MAC: Mines and Communities

Barrick Gold battles with Papua New Guinea's citizens and government

Published by MAC on 2020-01-18
Source: Reuters (2020-01-16)

The following article focusses on environmental, social and governance (ESG) issues - not to mention acts of violence against girls and women - which have been at strong contention between the world's second  largest corporate gold miner and PNG citizens.

They have persisted at the Porgera joint venture - indeed worsened over many years [see: Women prostest at Barrick AGM ].

Now they may be reaching a climax.

 

Barrick Gold forges ahead on Papua New Guinea mine in face of local backlash

Critics say the Porgera mine has polluted the water supply and created other
environmental and social problems, with minimal economic returns for locals

by Jeff Lewis and Melanie Burton

Reuters

January 16, 2020

TORONTO/MELBOURNE — Barrick Gold Corp. is set to elevate its troubled Papua New
Guinea mine to its top-tier assets, despite landowner and government demands to cede
a larger stake and deteriorating security at the joint venture with China’s Zijin
Mining

With a 20-year lease renewal application in the balance, Barrick has faced backlash
from Papua New Guinea (PNG) landowners and residents. Critics say the Porgera mine
has polluted the water supply and created other environmental and social problems,
with minimal economic returns for locals.

Seven people have died at the Porgera mine since September, including three
so-called illegal miners last month in clashes that prompted Barrick’s local entity
to appeal for government intervention.

Barrick hopes to boost the mine’s production by 18 per cent or more. This previously
unreported outlook raises the stakes for Prime Minister James Marape’s government,
which has been seeking richer terms from miners and oil and gas producers.

The head of the country’s mining regulator said Barrick, the world’s No. 2 gold
miner, is waiting to begin serious negotiations for permit renewal terms with the
country’s executive council, led by Marape.

“If we can renew the permit on a reasonable basis, it stands up as a tier one
asset,” Barrick Chief Executive Officer Mark Bristow told Reuters, referring to a
large scale, long-life, high margin deposit.

PNG’s next steps with Barrick could influence billions of dollars of planned
investment by global miners including Australia’s Newcrest Mining and St Barbara,
who are eyeing new mines or mine extensions, but are wary of rising sovereign risk.

Miners, facing a dearth of new deposits and rising resource nationalism, may now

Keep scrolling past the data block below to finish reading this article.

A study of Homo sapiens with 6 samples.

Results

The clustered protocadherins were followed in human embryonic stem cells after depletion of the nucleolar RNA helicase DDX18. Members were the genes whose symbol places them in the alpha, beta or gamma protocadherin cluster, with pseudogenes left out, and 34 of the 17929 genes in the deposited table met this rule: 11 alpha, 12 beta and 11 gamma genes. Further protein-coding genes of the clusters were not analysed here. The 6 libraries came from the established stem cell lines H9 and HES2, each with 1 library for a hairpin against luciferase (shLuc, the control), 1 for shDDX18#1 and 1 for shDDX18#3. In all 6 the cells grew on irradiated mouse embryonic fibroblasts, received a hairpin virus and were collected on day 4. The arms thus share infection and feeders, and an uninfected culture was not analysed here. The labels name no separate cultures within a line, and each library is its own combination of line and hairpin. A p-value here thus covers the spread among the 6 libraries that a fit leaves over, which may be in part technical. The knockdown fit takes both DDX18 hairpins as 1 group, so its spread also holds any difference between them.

have to cede greater rewards to other stakeholders.

“There will have to be equitable sharing of the spoils or these things won’t be
developed or will be discontinued, ultimately,” said portfolio manager Simon
Mawhinney, at Allan Gray in Sydney who is among Newcrest’s biggest investors.

Barrick’s tier-one designation, used describe a mine capable of producing
500,000 ounces of gold annually for at least 10 years at low cost, would place
Porgera in league with Barrick’s crown jewel assets at a time major gold miners are
desperate to replace shrinking reserves.

Barrick and Zijin’s combined 2018 production at Porgera was around 421,500 ounces.

ENVIRONMENTAL ISSUES

Barrick has broadened the role of its top China executive and former U.S.
diplomat Woo Lee to handle day-to-day talks with the PNG government. It has pledged
to relocate villagers whose land the mine has swallowed and study ways to improve
management of mine waste currently dumped in rivers, Bristow said.

The moves, aimed at mollifying concerns over access to arable land and pollution of
local waterways, may not be enough to satisfy landowners and the PNG government who
want a larger equity stake.

Barrick and Zijin each own 47.5 per cent of the mine, with the remaining 5 per cent
held by landowner group, Mineral Resources Enga.

Analysts have said Barrick could opt to put its stake on the block with other assets
it has shed to meet a US$1.5 billion divestment target. But Bristow played down a
potential sale, saying Porgera fits Barrick’s investment criteria.

“It makes real returns, it creates value, it can survive the cyclicality of the gold
industry and will make a significant contribution to our other stakeholders,” he
said.

Barrick’s top executive has shown he is willing to make concessions to settle
disputes. In October, Barrick agreed to sell Tanzania a 16 per cent stake in each of
its Bulyanhulu, North Mara and Buzwagi mines to resolve a long-running fight over
taxes.

The Canadian miner may face added pressure to confront issues in PNG that run afoul
of investor benchmarks on environmental, social and governance issues.

Citi, for example, has pledged not to support mining companies who use riverine
tailings disposal which an NGO said in a 2019 report had polluted the rivers and
denied locals reliable drinking sources.

Maso Mangape of the Porgera Land Owners Association said local residents had been
squeezed out. “The mine site has now become a battlefield,” he said.